Meeting consumer demand for beef, helping get beef-centered meals on the table during the pandemic and continuing to keep beef readily available to consumers is front and center for beef industry officials.
Speaking on a webinar about “Beef Insights” March 24, Kansas Beef Council officials revealed the challenges they’ve met in feeding the world during COVID-19, and beyond.
“We had two strategies – protect beef’s reputation and provide at-home cooking knowledge on things consumers were stocking up on,” said Shawn Darcy, senior director of market research for the National Cattlemen’s Beef Association (NCBA).
Beef sales in 2020 amounted to more than 13-billion pounds of beef. Typically, food service represents about 60% of beef volume, but with restaurants closed in 2020, food service accounted for 55% of sales and retail was at 45%.
“2020 was still a very positive year for beef, even during the pandemic. Also, e-commerce was great and will be here to stay,” he said.
The webinar analyzed the impact COVID-19 had on buying practices, what drives beef demand in Kansas and nationally, and what consumer demand may look like going forward.
When people get concerned about life events, it can affect food choices. A year after COVID-19 hit, NCBA surveyed people on how comfortable they will be doing certain activities after they receive their vaccination. Compared to 27% who felt comfortable eating inside restaurants pre-vaccine, 42% said they would feel safe dining out after their shot.
“Almost every state had restrictions on indoor dining, but I expect things to improve dramatically as more people get the COVID vaccine,” said John Sachse, director of industry relations for the Kansas Beef Council.
Essentially, it is just going to take some time, Darcy said.
Eating habits changed. At the height of the pandemic last spring and summer, 84% of meals were being cooked at home. When asked if people would continue to cook meals at home, 65% said yes and 14% said no.
Of those surveyed, 71% eat beef weekly, 81% eat chicken, 48% pork, and 44% fish.
The overall perceptions of beef were positive. When asked about protein, the top preference was that protein “taste great,” and also be safe to eat. Being nutritious and a healthy choice were also priorities.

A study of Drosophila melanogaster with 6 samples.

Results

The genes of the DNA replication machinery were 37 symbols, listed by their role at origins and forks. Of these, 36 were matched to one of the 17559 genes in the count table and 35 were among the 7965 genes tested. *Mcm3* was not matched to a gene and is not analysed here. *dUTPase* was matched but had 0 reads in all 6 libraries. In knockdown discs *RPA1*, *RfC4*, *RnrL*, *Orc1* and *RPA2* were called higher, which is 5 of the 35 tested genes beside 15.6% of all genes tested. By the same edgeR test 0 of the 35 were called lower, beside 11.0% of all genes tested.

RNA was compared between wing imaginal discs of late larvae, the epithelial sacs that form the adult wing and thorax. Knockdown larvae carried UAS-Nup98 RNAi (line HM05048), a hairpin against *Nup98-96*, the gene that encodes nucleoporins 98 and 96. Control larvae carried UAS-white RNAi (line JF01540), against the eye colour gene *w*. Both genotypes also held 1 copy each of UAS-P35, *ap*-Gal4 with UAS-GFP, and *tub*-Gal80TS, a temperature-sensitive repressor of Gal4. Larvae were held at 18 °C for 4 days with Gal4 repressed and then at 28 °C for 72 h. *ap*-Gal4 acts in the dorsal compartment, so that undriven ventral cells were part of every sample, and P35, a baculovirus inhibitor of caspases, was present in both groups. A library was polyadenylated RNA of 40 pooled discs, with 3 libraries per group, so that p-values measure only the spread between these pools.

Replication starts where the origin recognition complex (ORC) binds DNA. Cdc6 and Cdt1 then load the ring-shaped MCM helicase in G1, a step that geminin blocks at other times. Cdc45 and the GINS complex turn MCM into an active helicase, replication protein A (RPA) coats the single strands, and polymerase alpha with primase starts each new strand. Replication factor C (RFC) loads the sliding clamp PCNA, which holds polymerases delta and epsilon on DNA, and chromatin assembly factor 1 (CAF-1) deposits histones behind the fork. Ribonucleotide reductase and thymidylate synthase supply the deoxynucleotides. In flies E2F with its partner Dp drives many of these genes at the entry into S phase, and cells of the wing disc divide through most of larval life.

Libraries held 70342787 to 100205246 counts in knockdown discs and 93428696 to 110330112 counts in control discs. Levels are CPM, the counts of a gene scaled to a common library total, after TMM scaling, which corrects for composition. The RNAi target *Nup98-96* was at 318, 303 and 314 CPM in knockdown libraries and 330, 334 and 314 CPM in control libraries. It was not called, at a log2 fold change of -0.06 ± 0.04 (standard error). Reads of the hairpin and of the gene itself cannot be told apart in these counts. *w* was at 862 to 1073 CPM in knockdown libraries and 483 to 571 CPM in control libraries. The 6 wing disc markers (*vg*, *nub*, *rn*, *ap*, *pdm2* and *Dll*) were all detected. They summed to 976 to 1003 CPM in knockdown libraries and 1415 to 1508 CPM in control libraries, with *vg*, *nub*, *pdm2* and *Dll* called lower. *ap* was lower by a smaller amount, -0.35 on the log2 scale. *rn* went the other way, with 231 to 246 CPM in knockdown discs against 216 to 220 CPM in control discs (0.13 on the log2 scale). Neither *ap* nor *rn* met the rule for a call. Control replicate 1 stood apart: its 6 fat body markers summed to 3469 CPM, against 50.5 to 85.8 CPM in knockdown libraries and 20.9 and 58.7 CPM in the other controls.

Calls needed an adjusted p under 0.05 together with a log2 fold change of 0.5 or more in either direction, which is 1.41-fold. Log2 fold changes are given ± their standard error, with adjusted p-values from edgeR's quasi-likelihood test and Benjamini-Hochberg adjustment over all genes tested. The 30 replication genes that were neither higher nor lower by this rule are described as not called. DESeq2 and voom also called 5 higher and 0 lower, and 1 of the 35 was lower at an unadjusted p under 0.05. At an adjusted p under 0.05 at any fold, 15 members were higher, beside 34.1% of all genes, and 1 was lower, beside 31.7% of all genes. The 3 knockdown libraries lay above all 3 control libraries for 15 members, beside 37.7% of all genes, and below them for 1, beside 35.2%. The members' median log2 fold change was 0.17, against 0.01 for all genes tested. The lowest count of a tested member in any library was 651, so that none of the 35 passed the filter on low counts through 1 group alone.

“Regarding how cattle are raised, of 58% of consumers with a concern, 8% asked about hormones, 5% of the concerns were about antibiotics and 3% about the environment,” Darcy said.
Webinar speakers said that producers certified through the Beef Quality Assurance (BQA) program help consumers feel good, knowing beef is grown in an environmentally friendly atmosphere. The BQA program encourages producers to implement management practices that assure their market steers, heifers, cows and bulls are raised in high quality, low-stress conditions.
Perceptions of raising cattle often differ between rural and urban residents. Another recent survey compared beef-eating habits of Kansas City metro residents to Kansans in general. It discovered that Kansas consumers are more positive about beef overall, but Kansas City was close behind. Both rural and urban consumers said new, quick and easy meal ideas will help boost beef consumption.
Another consumer change in the beef industry is e-commerce – ordering beef and other food online. NCBA will continue exploring marketing campaigns and address questions about sustainability.
Although protein ‘substitutes’ including plant-based protein, continue to grow (more so on the West Coast), they’re still a small piece of that protein market.
“We just did focus groups about the topic of sustainability and three out of 24 mentioned meat alternatives, but it wasn’t dominating,” said Jace Thurman, a market intelligence analyst for NCBA.
“It’ll be hard to beat 2020, just because consumers were forced to go into stores,” said Thurman.
As people go to restaurants more, he believes the grilling season will pick up.
Despite changing trends, experts say consumers still want to know the story of farmers and ranchers who raise their food.
“They want the story behind beef. They want to hear from the people raising the animals,” Darcy said. “It’s important for us to remember to tell that the industry as a whole is doing it the right way.”
Reporter Amy Hadachek is a two-time Emmy Award winning meteorologist and a storm chaser who earned her NWA and AMS Broadcast Meteorology Seals of Approval. She and her husband live on a diversified farm in Kansas. Reach her at firstname.lastname@example.org.